Doc McCoy is put in prison because his partners chickened out and flew off without him after exchanging a prisoner with a lot of money. Doc knows Jack Benyon, a rich "business"-man, is up ... See full summary »
Stefan Kahrs <email@example.com>
W. Dee Kutach, the Texas prison parole board chairman who denies Doc McCoy (Steve McQueen) his parole in the opening minutes of the film, was actually a prison official at the time the movie was made - he was the Assistant Director for Treatment for the Texas Department of Corrections in Huntsville, TX. See more »
In the final shootout scene with Rudy in the hotel we see Rudy's pistol alternate between the 6 inch barreled .357 Magnum Colt Python he has used throughout the film up to this point and a 6 inch barreled .357 Magnum Colt Trooper. The most obvious difference between the two handguns is the full length rib beneath the barrel. This is noticeably absent on the Colt Trooper. Rudy changes between the guns from shot to shot. See more »
Steve McQueen and Sam Peckinpah teamed to do two straight films, probably some of the best work in both of their careers. But the difference in a nice character study like Junior Bonner and a tough crime drama like The Getaway shows the versatility of both these remarkable men. The Getaway seems to take its inspiration from John Huston's classic, The Asphalt Jungle.
McQueen is a career criminal whose parole has once again been denied in the ten year stretch he's doing. Wife Ali McGraw submits to parole board chief Ben Johnson's sexual advances to spring McQueen.
But the corrupt Johnson isn't just about sexual harassment. He wants McQueen to rob a bank that his brother is a director, to cover a nice case of embezzlement. He even recruits another pair of criminals, Bo Hopkins and Al Lettieri as part of the gang.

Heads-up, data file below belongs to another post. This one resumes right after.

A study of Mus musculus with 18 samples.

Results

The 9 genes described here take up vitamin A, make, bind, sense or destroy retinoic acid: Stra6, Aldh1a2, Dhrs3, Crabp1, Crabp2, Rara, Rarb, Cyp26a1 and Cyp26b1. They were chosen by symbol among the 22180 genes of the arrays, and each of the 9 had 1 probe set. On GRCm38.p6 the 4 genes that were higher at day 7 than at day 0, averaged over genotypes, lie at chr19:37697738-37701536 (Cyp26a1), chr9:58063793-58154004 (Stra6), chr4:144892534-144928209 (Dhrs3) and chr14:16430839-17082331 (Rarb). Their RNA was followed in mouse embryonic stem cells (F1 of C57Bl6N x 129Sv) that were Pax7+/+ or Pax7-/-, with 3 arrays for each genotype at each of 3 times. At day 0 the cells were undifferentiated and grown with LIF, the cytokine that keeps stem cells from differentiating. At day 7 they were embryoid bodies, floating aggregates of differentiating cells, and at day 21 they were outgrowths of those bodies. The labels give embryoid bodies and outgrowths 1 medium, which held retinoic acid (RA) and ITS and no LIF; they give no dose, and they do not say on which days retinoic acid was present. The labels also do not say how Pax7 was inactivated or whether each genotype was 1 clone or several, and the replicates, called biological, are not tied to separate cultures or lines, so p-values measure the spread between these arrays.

Of course the plan goes wrong as a bank guard is killed and then Hopkins is killed in a double-cross by Lettieri who then fails to do the same to McQueen and McGraw. After that it's a three way race to the border between Johnson's men, Lettieri, and McQueen.
Al Lettieri is a talent that was lost to us way too soon. He played some of the best villains in the early seventies and this one is one of them. He kidnaps veterinarian Jack Dodson and his slut of a wife Sally Struthers. Soon she's more than willing to go and be his girl. Struthers has a great part, so far from being Gloria Bunker Stivic on All in the Family.
My favorite Sam Peckinpah moment in all of his films is that climax at Dub Taylor's flea bag hotel where all the forces meet and shoot up the place. It's Peckinpah's best violence ballet in all of his films, I never tire of seeing it.
The whole film was shot in Texas and I'm not sure how residents of Texas might like this picture of their state. It seems to be one very violent place and a very corrupt one as well.
But I like The Getaway very much, it's my favorite Sam Peckinpah film next to Ride the High Country.